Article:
Report details sexual misconduct by former Casselberry police chief

February 6th, 2015 by Staff

McNeil stepped down in October; he had been with the department for 26 years.


(WFTV.COM) CASSELBERRY, Fla. – Eyewitness News was the first to expose a local chief’s alleged sexual misconduct with female officers.
Former Casselberry Police Chief Bill McNeil is now being sued by six people who worked for him at the department.

Channel 9 on Thursday was the first to get a copy of the internal investigation that was completed by the Seminole County Sheriff’s Office.

WFTV’s Karla Ray broke the story in October after she got a tip the chief was sexting subordinate female officers. He resigned hours after Ray started asking questions.

On Thursday, Ray spent the day going through the nearly 100-page report, which even lists her name because when she found out about the alleged misconduct, she started making calls to city leaders.

In the report, McNeil admits to sending sexual photos and videos to Officer Katrine Zorn, but claims she also sent similar photos back to him.

Zorn is one of six people suing McNeil for discrimination and harassment. The female officer said she received about 100 photos and 50 videos of McNeil, including photos of his penis. She turned over those text conversations to the Sheriff’s Office.

Ray read through other employee accounts and while most say they never felt harassed sexually or otherwise, a current Orange County sheriff’s deputy said she also received a picture of McNeil’s penis on her personal cellphone.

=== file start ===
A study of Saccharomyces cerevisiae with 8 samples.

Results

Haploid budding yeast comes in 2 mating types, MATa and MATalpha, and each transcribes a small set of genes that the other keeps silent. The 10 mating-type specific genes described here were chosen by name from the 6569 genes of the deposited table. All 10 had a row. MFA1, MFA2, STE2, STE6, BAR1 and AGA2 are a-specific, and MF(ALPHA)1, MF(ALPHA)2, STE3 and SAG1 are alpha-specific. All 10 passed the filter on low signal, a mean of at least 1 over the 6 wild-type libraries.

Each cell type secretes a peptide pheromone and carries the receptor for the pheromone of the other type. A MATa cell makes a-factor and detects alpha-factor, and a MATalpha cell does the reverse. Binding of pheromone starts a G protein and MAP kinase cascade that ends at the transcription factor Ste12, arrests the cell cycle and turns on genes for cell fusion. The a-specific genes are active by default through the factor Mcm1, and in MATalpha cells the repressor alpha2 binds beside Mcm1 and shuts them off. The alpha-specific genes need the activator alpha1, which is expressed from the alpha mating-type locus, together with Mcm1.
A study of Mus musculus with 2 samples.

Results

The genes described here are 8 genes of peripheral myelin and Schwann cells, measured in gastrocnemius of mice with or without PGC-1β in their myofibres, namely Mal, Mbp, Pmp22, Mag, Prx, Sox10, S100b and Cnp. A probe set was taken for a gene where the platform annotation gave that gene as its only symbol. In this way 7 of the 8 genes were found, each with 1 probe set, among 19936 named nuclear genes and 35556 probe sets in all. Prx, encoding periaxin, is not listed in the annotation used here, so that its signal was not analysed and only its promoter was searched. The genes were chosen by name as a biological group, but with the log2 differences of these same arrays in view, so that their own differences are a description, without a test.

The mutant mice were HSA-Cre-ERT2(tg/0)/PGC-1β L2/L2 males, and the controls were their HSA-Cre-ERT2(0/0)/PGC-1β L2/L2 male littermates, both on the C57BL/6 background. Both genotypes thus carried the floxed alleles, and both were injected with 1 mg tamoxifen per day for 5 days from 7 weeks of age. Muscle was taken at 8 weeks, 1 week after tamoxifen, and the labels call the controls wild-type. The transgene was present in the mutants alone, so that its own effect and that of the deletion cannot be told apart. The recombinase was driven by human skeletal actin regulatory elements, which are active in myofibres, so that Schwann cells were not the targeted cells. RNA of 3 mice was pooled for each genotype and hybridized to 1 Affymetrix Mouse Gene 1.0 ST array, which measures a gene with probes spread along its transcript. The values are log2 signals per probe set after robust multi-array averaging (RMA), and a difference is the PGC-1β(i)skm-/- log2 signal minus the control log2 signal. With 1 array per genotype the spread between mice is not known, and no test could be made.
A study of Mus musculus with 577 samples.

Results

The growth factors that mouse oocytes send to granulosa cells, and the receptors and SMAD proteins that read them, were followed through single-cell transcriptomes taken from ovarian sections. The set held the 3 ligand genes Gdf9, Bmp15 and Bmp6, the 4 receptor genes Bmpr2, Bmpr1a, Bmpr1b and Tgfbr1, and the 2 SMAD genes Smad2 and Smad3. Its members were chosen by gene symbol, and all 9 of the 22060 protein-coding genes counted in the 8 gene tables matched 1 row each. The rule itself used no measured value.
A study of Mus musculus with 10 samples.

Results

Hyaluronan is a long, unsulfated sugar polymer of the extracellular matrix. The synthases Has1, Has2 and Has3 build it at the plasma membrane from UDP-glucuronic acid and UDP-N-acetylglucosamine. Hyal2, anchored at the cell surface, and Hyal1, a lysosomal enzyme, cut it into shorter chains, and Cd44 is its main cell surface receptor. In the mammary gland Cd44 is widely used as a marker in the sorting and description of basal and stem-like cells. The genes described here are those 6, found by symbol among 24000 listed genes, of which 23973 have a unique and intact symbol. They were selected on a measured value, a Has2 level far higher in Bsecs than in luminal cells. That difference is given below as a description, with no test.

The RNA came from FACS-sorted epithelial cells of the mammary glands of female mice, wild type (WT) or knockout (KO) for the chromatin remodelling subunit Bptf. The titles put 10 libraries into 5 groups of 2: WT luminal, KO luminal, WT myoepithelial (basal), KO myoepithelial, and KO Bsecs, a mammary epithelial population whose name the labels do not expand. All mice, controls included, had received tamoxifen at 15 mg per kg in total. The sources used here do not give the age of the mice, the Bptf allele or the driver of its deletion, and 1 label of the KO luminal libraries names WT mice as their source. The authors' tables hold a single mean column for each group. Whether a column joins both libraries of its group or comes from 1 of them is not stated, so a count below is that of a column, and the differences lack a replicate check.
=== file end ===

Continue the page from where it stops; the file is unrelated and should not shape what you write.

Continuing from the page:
Another female officer told deputies she has wanted to quit her job at least four times as a result of McNeil.

During his interview, McNeil denied misconduct with any other employees, including Erin Daley, who is also suing him.

Daley said he never made sexual advances toward her and that he never asked her to go on a date with him.  Still, deputies found the former top cop failed to demonstrate courtesy and cooperation and that he was sustained of conduct unbecoming and discrimination and harassment.

On Page 72 of the investigation, the city’s human resources director admitted to receiving notification about harassment by McNeil, but it wasn’t enough to launch an investigation before he resigned.

They plan to send the report off to the Florida Department of Law Enforcement.